Settlement reached with Walmart over discrimination claim
The U.S. Attorney's Office announced a settlement was reached with Walmart over a discrimination claim from a Grand Junction naval reservist.
Walmart agreed to change hiring practices to protect military members after Naval Petty Officer Third Class Lindsey Hunger filed a complaint last October, saying the Grand Junction Walmart on Rimrock Avenue unlawfully refused to hire her because of her naval reserve duties.
Hunger will receive backpay as part of the deal.
Walmart has also agreed to revise the policies to include the following language: "Walmart prohibits discrimination against individuals, including applicants, based on their military service, including required military training obligations, or membership in the uniformed services." Walmart will also ensure that “all supervisors, managers, and administrative staff” in the Grand Junction, Colorado store at issue receive training—developed in consultation with the United States—“on the requirements of USERRA and on employees’ and service members’ rights and obligations under the statute”.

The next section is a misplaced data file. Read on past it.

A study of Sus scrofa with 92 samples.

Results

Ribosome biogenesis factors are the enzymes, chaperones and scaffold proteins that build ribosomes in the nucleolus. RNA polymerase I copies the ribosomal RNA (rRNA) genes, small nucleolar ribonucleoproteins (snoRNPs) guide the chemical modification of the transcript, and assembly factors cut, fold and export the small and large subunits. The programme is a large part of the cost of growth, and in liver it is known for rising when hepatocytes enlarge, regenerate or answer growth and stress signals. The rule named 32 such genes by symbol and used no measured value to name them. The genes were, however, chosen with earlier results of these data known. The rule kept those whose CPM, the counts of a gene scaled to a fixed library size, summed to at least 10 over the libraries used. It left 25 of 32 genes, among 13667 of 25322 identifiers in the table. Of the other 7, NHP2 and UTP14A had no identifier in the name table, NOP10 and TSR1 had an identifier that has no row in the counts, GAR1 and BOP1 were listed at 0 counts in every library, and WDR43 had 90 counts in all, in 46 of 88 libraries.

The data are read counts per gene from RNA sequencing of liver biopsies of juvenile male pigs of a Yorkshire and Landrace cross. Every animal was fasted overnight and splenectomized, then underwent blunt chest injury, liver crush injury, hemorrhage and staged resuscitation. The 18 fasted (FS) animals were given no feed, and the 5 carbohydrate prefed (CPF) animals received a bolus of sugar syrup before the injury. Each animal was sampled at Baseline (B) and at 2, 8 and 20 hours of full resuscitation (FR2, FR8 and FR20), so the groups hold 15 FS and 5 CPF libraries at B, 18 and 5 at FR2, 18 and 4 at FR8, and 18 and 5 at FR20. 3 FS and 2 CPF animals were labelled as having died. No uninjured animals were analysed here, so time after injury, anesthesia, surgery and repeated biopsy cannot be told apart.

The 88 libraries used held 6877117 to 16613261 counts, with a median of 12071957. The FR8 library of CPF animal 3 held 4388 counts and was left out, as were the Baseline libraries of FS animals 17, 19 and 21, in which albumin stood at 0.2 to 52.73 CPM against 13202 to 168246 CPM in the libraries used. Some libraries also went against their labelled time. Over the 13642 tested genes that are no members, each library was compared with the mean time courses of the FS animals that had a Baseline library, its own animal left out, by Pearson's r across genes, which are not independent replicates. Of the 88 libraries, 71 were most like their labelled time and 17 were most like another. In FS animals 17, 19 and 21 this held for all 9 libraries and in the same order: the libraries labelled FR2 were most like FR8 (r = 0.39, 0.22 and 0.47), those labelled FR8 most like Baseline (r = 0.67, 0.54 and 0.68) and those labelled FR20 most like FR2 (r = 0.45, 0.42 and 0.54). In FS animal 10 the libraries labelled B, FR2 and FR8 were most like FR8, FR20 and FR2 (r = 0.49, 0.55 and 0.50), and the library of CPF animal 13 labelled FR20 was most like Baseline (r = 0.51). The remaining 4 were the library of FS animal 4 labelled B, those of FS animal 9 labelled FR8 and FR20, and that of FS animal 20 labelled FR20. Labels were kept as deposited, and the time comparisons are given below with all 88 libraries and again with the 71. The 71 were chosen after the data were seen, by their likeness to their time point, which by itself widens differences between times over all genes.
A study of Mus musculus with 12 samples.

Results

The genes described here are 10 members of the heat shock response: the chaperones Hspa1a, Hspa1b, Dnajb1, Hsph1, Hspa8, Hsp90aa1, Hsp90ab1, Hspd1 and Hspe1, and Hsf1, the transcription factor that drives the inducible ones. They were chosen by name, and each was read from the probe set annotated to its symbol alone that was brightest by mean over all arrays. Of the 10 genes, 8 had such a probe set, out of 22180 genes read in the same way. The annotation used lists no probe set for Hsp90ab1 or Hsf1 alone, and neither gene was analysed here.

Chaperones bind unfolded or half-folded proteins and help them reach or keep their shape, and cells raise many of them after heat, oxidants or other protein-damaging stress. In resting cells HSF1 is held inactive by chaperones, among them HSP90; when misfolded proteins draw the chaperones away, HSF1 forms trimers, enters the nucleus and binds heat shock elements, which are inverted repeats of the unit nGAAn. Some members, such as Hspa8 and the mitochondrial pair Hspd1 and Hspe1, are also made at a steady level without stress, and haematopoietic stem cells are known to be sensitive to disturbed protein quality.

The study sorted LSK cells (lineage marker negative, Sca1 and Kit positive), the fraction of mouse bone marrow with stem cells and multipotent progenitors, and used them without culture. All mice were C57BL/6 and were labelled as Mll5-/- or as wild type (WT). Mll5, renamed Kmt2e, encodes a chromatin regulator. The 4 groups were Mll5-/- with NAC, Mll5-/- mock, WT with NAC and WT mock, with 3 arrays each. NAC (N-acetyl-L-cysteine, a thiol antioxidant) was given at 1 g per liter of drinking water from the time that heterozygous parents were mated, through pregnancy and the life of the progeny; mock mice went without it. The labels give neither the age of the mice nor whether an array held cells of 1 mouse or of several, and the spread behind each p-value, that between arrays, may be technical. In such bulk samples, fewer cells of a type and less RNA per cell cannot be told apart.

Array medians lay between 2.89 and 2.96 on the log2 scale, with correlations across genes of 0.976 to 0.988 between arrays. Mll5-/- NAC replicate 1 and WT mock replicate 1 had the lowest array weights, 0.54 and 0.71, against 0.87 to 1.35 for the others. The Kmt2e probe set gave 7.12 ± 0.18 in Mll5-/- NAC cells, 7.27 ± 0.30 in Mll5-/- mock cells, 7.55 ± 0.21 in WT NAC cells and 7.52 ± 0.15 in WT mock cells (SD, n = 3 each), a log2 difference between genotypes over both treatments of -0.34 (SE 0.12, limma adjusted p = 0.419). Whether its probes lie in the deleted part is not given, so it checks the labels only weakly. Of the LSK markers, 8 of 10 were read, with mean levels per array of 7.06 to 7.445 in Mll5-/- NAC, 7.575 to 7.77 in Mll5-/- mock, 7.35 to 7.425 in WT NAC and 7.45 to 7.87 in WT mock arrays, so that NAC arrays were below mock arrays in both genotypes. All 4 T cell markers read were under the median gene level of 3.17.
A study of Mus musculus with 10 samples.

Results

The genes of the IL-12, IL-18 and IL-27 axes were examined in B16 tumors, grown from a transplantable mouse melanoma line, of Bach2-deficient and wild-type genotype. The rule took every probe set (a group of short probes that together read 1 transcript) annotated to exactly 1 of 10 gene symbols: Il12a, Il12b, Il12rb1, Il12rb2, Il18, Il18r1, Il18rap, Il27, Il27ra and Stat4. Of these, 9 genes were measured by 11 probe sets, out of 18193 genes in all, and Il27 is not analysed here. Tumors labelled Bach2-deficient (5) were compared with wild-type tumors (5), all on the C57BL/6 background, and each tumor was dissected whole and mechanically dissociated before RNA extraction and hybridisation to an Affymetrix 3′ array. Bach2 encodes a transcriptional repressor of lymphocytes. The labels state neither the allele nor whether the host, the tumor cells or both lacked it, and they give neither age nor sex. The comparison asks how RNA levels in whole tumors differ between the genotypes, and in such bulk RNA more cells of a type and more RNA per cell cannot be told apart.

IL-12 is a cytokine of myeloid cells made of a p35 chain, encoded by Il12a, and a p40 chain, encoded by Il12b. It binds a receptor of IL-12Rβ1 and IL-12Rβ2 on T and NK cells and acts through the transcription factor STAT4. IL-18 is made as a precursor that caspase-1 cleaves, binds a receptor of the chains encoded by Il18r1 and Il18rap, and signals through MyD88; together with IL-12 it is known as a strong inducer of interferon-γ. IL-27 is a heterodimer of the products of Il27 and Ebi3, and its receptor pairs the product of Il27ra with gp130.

In a statement, a spokesperson for Walmart released the following:
“Walmart respects all of our active, reserve and veteran military members and we hire more veterans and military members than any other company in America. This was an unfortunate situation and we’re glad we could resolve the case with the Department of Justice and Ms. Hunger. We’ve also updated our policy to reinforce that employment protections for military members apply during the hiring process. We appreciate Ms. Hunger’s service and wish her well.”